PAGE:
The brains of the operation
To understand how a furnace works to supply heat to your home, let’s first begin with some of the basic components that – when effectively combined -provide warm solace during the cold season.
- Burners: deliver and burn fuel
- Heat Exchangers: series of hot, metal tubes that warm cool air as it passes through
- Blower: device that forces filtered air through the heat exchanger
- Flue: a channel that vents harmful gases
It All Starts at the ‘Stat
Contrary to what most people may think, the heating process doesn’t start at the furnace itself, but rather from the thermostat. This nifty sensor determines what the current room temperature is, and allows you to adjust it accordingly to maintain a comfortable setting.
Thermostats are pretty intuitive devices. Once it detects your room temperature is below the preferred setpoint, it activates your oil or gas burner; setting off a chain of events that facilitate the heating cycle.
As soon as the furnace receives the thermostat’s signal to get crackin’, that’s when things start to heat up – literally. Following suit are a series of controlled steps that ensure the safety and efficacy of the heating process. Step one of the operation focuses on activating the venter motor (more commonly known as the ‘induced motor’). Responsible for building negative pressure inside the heat exchanger, this device purges any lingering gases that may have been present from the previous heating cycle; ensuring air quality is suitable at the time of combustion.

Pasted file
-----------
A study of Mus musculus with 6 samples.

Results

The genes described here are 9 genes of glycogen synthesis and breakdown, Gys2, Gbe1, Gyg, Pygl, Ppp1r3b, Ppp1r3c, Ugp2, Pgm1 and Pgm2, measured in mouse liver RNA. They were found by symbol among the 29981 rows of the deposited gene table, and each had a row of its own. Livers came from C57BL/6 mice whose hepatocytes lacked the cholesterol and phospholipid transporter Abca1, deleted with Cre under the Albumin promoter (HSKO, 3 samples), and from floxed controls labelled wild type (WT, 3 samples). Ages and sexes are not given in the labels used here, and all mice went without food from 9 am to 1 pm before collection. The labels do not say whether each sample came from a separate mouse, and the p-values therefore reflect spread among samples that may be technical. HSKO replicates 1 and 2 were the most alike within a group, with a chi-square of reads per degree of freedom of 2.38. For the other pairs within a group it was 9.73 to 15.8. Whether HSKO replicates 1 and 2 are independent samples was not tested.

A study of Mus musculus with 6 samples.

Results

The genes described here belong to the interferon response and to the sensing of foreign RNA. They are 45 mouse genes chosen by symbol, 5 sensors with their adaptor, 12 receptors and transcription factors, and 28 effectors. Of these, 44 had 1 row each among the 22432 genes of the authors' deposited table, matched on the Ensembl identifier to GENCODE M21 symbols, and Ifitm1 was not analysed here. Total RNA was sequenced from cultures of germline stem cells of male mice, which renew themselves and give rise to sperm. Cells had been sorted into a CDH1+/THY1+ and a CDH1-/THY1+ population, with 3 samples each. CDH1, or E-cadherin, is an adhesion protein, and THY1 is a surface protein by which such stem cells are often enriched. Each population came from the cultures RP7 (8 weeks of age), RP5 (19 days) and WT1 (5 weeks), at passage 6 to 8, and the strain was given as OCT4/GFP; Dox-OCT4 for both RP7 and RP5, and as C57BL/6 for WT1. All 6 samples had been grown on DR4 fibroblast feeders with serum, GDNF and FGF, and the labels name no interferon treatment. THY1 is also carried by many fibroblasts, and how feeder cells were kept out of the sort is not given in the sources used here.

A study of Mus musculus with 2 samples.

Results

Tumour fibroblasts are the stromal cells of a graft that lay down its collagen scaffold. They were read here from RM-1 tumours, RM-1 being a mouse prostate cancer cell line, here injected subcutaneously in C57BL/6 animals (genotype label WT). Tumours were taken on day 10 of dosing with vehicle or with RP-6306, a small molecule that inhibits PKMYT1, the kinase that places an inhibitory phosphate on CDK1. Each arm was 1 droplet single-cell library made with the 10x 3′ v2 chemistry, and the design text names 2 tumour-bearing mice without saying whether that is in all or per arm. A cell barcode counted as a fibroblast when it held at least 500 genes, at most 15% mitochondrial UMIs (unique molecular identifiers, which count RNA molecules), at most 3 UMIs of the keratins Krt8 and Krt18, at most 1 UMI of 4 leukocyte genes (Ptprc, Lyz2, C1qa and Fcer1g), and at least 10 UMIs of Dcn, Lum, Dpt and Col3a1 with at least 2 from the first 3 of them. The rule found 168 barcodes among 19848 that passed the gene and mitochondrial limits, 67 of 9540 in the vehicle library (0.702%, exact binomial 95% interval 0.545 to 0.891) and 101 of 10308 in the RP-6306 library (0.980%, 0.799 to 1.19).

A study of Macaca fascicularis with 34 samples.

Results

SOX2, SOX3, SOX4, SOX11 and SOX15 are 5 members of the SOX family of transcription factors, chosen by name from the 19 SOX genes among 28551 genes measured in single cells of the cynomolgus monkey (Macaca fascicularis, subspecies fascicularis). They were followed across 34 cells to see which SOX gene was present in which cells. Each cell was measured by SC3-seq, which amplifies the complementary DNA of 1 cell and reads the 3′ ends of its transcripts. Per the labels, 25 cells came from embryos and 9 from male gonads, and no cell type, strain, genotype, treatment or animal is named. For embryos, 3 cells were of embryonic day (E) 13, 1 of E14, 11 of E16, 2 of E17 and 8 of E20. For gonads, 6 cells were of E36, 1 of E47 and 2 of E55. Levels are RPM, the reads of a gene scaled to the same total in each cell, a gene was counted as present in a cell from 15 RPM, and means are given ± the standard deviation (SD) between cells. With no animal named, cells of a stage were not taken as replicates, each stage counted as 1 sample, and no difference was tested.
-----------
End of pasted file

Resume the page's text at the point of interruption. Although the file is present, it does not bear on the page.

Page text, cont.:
Signal ‘da Flame
Now at this point of the heating operation, sensors should indicate enough negative pressure has been built, sending power over to the hot surface igniter (HSI), which will activate after some time. Once it does, the main gas valve opens; permitting gas to flow through the burners, where it is then ignited by the HSI and turning on the main burners.
Thar She Blows
Okay, so once the burners are operating, they heat a metal unit known as the heat exchanger. This gadget transfers heat from the flame to the surrounding air, once a certain temperature has been reached. That’s when the blower motor is subsequently energized. Acting like a fan, the blower is responsible for moving air through the heating system. The heated air is then dispersed through your duct system, supplying individual rooms with that sought-after warmth you crave during those frigid months. As soon as the thermostat recognizes that no more heat is required, the gas valve is de-energized, cutting off the gas supply provided to the furnace.
Round and Round It Goes…
By now, you should be basking in the heated glory that fills your room with comfort. As you sip your cider and flip through late-night TV, you probably don’t realize that once the desired room temperature has been achieved, your thermostat alerts the furnace to take a breather – for the time being, anyway. However, once heat escapes and your house begins to cool, it’s back to the cylindrical drawing board, as the heating process starts all over again. Like a song that plays on repeat, your furnace mimics the same cycle in order to maintain a comfortable temperature.
Who knew that from the exterior of that dulled metal shell, an intricate operation was taking place? Like the Domino Effect, each step of the heating cycle affects the entire outcome. If just one component was on the fritz, your furnace would merely be an obsolete box, collecting dust in some darkened basement corner. Hopefully this overview puts into perspective how much work this fella puts in, to ensure your comfort and air quality are at the forefront of its mission.